Carotenoids are organic pigments naturally present in plants, algae and some bacteria. There are more than 600 carotenoids, which can be categorised into xanthophylls (hydrocarbons containing oxygen element) and carotenes (hydrocarbons containing no oxygen). Carotenoids perform a range of functions, including light energy absorption, protection against photo-damage, acting as antioxidants, and as precursor to other organic compounds. In human, for example, beta-carotene is the precursor to vitamin A.

Biochemical pathway of carotenoid synthesis

The common starting point for carotenoid synthesis is farnesyl pyrophosphate (FPP), which derives from two precursors, isopentenyl pyrophosphate (IPP) and dimethylallyl pyrophosphate (DMAPP). In general, there are two pathways for synthesising IPP and DMAPP: the Mevalonate Pathway (starting with acetyl CoA) and the Non-mevalonate Pathway (starting with pyruvate and glyceradehyde-3-phosphate). While the Mevalonate Pathway is present in all higher eukaryotes, the Non-mevalonate Pathway is present in E.coli.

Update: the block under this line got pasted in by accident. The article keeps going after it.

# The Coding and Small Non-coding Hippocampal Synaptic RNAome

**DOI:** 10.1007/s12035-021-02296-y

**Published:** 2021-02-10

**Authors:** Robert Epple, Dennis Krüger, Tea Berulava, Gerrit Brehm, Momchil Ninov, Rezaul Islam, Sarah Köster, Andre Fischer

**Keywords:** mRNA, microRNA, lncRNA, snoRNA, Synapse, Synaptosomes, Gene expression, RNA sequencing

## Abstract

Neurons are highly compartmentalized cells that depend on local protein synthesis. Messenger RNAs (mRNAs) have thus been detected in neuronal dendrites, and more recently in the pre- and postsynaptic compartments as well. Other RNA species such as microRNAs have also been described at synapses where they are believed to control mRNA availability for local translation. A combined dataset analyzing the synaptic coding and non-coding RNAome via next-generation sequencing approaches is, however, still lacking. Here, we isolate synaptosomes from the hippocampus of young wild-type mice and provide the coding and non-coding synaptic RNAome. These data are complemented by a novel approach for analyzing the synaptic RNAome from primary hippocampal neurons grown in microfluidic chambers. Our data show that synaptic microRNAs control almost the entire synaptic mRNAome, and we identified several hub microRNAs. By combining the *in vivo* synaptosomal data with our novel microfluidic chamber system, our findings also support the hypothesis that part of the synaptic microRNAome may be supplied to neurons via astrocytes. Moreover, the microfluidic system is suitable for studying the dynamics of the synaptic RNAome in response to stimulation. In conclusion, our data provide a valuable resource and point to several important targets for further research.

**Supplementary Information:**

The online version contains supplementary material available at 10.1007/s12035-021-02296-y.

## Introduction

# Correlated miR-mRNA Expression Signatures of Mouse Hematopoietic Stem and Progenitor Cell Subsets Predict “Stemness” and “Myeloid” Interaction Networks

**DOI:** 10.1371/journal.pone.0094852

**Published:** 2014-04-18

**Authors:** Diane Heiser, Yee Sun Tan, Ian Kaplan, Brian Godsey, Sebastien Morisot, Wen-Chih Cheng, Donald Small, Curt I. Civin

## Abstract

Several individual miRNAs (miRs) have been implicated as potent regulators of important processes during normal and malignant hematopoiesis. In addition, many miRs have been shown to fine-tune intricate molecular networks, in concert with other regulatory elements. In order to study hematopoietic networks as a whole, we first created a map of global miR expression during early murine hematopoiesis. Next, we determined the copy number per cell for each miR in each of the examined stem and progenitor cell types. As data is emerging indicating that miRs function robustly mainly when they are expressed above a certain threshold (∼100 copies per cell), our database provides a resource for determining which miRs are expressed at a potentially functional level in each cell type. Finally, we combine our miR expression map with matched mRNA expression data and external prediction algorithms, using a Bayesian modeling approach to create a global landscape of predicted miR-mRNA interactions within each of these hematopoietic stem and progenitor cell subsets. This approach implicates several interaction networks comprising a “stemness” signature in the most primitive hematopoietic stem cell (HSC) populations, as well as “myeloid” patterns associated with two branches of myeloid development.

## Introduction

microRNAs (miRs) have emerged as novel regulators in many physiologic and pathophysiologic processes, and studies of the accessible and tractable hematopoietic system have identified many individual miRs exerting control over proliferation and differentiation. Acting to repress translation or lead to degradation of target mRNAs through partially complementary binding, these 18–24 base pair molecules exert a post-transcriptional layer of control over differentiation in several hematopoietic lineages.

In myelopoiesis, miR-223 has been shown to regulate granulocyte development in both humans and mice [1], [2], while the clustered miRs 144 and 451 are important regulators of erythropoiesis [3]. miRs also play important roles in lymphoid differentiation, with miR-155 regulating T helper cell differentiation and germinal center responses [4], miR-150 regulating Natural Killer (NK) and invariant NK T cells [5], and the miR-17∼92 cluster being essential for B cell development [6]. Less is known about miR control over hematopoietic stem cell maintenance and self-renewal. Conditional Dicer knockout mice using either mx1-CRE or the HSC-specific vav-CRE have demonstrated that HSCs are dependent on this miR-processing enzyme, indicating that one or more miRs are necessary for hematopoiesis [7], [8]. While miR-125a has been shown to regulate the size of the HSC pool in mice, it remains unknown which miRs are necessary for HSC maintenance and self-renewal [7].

Mevalonate Pathway (image adopted from Wikipedia,
Non-mevalonate Pathway (image adopted from Yuan et al. 2006)


After IPP and DMAPP go on to form FPP, a series of enzymatic reactions convert the colourless FPP to coloured compounds: red lycopene and orange β-carotene.

Cam09 Carotenoid 1.jpg

By modulating the enzymes involved in this conversion pathway ("CrtE", "CrtB", "CrtI", and "CrtY"), we aim to produce and control different coloured pigments as signal output.